Andrea Thau, OD, president, AOA.
ST. LOUIS—The American Optometric Association
is up in arms about a report that the U.S. Department of Veterans Affairs
(VA) is considering eliminating the VA Optometry Service.
According to a report published on the website DisabledVeterans.org on May 4, Secretary of Veterans Affairs David Shulkin, MD said in a recent closed door meeting with VA health care directors that the VA “should get rid of audiology and optometry since there are “LensCrafters on every corner.”
Andrea Thau, OD, president of the American Optometric Association
(AOA) slammed the reported comment as being “outrageous and unacceptable,” adding that “the AOA sincerely hopes that the information within the account is false. America's veterans need and deserve the assurance that their eye health and vision care needs will be met by doctors of optometry through the advanced, high-quality care we provide. In 2017, bias and outdated thinking have no place at the VA or any government agency. The Secretary should know that the solution to his department's problems will not be found in policies that compromise care. On behalf of all of the patients who've bravely served our country, I've asked to meet with Dr. Shulkin to make absolutely certain that this report is false, and to discuss the changes the VA needs to make to fulfill its mission.”
In addition, Lindsay Wright, OD, executive director of the Armed Forces Optometric Society (AFOS) expressed her association’s concerns. “The Armed Forces Optometric Society is shocked to hear of the alleged suggestion by the Secretary of the Department of Veterans Affairs to eliminate eyecare from the VA’s health care system,” said Dr. Wright.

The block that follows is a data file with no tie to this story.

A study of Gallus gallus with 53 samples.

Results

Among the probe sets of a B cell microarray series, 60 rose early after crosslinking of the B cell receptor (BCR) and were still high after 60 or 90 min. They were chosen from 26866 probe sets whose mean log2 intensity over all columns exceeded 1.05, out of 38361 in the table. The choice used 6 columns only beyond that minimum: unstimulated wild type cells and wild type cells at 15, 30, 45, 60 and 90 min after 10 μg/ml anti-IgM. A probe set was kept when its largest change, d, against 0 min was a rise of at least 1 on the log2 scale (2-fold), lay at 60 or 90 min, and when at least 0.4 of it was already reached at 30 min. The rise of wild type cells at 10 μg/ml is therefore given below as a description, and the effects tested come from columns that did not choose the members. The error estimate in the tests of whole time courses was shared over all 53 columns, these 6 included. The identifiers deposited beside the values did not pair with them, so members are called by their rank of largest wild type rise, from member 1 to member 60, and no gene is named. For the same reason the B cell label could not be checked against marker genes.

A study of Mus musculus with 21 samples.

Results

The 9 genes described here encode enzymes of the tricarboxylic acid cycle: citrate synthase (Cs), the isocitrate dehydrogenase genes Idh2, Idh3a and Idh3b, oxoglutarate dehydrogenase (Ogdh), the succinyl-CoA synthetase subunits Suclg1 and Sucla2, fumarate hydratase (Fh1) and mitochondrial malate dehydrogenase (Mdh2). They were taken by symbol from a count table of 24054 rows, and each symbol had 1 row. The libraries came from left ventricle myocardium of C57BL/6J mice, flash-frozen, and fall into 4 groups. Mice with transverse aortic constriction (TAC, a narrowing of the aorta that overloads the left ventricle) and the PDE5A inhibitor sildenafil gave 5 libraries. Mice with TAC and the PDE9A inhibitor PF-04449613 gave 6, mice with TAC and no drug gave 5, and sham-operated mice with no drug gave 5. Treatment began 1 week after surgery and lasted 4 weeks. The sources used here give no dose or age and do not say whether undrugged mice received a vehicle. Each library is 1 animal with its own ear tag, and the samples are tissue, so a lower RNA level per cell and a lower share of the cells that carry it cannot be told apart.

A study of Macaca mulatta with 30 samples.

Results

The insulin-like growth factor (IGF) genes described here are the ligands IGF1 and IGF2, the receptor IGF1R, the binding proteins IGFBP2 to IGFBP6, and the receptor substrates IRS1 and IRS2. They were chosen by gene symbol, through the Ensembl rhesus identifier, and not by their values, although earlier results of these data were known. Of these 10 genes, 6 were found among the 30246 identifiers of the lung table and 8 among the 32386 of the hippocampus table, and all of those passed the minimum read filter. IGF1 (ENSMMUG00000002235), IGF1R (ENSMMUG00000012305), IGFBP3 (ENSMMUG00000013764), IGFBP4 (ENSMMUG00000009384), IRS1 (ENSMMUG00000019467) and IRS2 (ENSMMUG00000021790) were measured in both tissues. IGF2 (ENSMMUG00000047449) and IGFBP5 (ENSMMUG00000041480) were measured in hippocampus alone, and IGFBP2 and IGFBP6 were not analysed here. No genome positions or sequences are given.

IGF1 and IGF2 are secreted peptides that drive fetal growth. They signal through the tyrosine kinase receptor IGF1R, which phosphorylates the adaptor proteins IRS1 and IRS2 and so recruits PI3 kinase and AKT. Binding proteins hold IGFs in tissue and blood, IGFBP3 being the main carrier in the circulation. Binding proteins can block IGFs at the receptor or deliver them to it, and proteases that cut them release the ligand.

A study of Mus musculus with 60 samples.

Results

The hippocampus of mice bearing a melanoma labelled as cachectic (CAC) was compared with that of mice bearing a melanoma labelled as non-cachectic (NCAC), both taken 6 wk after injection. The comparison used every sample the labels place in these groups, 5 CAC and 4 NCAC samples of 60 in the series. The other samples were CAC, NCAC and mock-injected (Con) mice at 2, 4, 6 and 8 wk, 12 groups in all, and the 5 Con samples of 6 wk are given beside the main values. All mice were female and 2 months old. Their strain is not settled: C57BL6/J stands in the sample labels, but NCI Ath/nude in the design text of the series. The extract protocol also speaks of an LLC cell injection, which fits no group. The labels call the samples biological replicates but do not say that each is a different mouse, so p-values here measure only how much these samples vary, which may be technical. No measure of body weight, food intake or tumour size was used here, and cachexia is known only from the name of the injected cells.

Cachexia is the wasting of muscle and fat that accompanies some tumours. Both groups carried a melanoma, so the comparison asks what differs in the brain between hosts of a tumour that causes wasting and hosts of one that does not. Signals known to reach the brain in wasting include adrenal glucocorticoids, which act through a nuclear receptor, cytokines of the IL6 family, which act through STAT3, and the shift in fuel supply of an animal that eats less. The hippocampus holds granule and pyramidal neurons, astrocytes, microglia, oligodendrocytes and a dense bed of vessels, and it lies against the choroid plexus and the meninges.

“Eyecare is an essential and core component of the integrated health care the VA provides our nation’s Veterans,” Dr. Wright continued. “Our VA doctors of optometry see more patients per year than any other health care specialty. Doctors of optometry are literally on the front line of care, often being the first health care professional to identify or detect systemic health issues in veterans. VA doctors of optometry work in concert with the VA’s other health care professionals in the management of numerous medical conditions that can affect the eye such as diabetes and hypertension. This interprofessional communication to effectively coordinate care not only ensures that our veterans receive the best possible care, but it also provides an economical and efficient path for veterans to receive their health care.
In addition, VA doctors of optometry are the primary providers of visual rehabilitation for veterans who are blind and those that have sustained traumatic brain injury, services uniquely provided by the VA health care system. To eliminate or segregate eyecare from the VA would cause a significant degradation of the level of care provided to VA patients and ultimately break the government's longstanding promise to care for our nation’s veterans.”